From my highschool days, the group of seven have been in a corner of my heart. For a time, in the seventies it wasn’t a popular choice for an art student, but all things change or we change and it becomes easier to love what you love. At the McMichael arts center I walked through three galleries of permanent collections of the group of sevens iconic work. Emily Carr’s forests hung along side on a visiting tour. In the upper floors the Professional Native Indian Artists had a large impressive visiting gallery, as well works of Inuit art, Haida masks, carvings eight galleries of Canadian art history I am going to carry with me a long long time.
Last night I flipped through some of my collected books on the group of seven and revisited some of the paintings I stood before a week ago. There is such a difference in being able to view first hand.
Reading the biographies of the various members of the founding 7, I was struck by the differences in the worlds we share as well the similarities. Each had moments of waning confidence, doubt, and each were driven to continue and to build. The photographs of painting in the wild places in formal attire, white shirts and dress pants always make me smile. There were letters and notes as well as personal items on display.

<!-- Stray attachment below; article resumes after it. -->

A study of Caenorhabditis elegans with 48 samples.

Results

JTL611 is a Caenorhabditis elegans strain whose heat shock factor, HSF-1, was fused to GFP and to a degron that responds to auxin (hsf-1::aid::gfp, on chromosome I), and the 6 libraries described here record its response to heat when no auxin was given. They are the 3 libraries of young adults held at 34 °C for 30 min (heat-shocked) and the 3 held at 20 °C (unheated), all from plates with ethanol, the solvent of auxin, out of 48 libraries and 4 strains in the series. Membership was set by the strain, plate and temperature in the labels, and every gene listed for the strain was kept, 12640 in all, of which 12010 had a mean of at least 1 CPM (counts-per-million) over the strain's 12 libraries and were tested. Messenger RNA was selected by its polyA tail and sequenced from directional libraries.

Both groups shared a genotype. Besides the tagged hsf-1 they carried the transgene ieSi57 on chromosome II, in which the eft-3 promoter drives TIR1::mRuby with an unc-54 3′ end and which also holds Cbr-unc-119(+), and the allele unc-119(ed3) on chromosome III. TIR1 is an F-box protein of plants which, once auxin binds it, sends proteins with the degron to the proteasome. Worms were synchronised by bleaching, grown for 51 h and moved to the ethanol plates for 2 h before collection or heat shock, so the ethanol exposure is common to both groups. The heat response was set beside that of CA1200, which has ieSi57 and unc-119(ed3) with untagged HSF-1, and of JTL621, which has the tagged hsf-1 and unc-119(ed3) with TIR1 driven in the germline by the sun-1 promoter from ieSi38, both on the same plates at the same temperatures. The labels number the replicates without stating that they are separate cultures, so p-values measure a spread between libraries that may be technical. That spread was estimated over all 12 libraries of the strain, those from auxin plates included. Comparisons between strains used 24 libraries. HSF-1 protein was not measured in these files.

Harris’ paint box and tools shown above. The tools held by the hands of the artist always touch a chord for me. I paint with some of my aunts brushes, bits and pieces offered by other painters I admire and have managed to add to my table always make me feel connected to a broader community. Standing by Thomson’s shack I think that is the predominant feeling. In many ways the art community remains dominated by men, not everything has changed but still I felt as though if time were fluid I could knock on the door and find welcome. We are connected by the things we love. I am richer for my day at McMichael, I brought nothing away but memories, my pockets are full.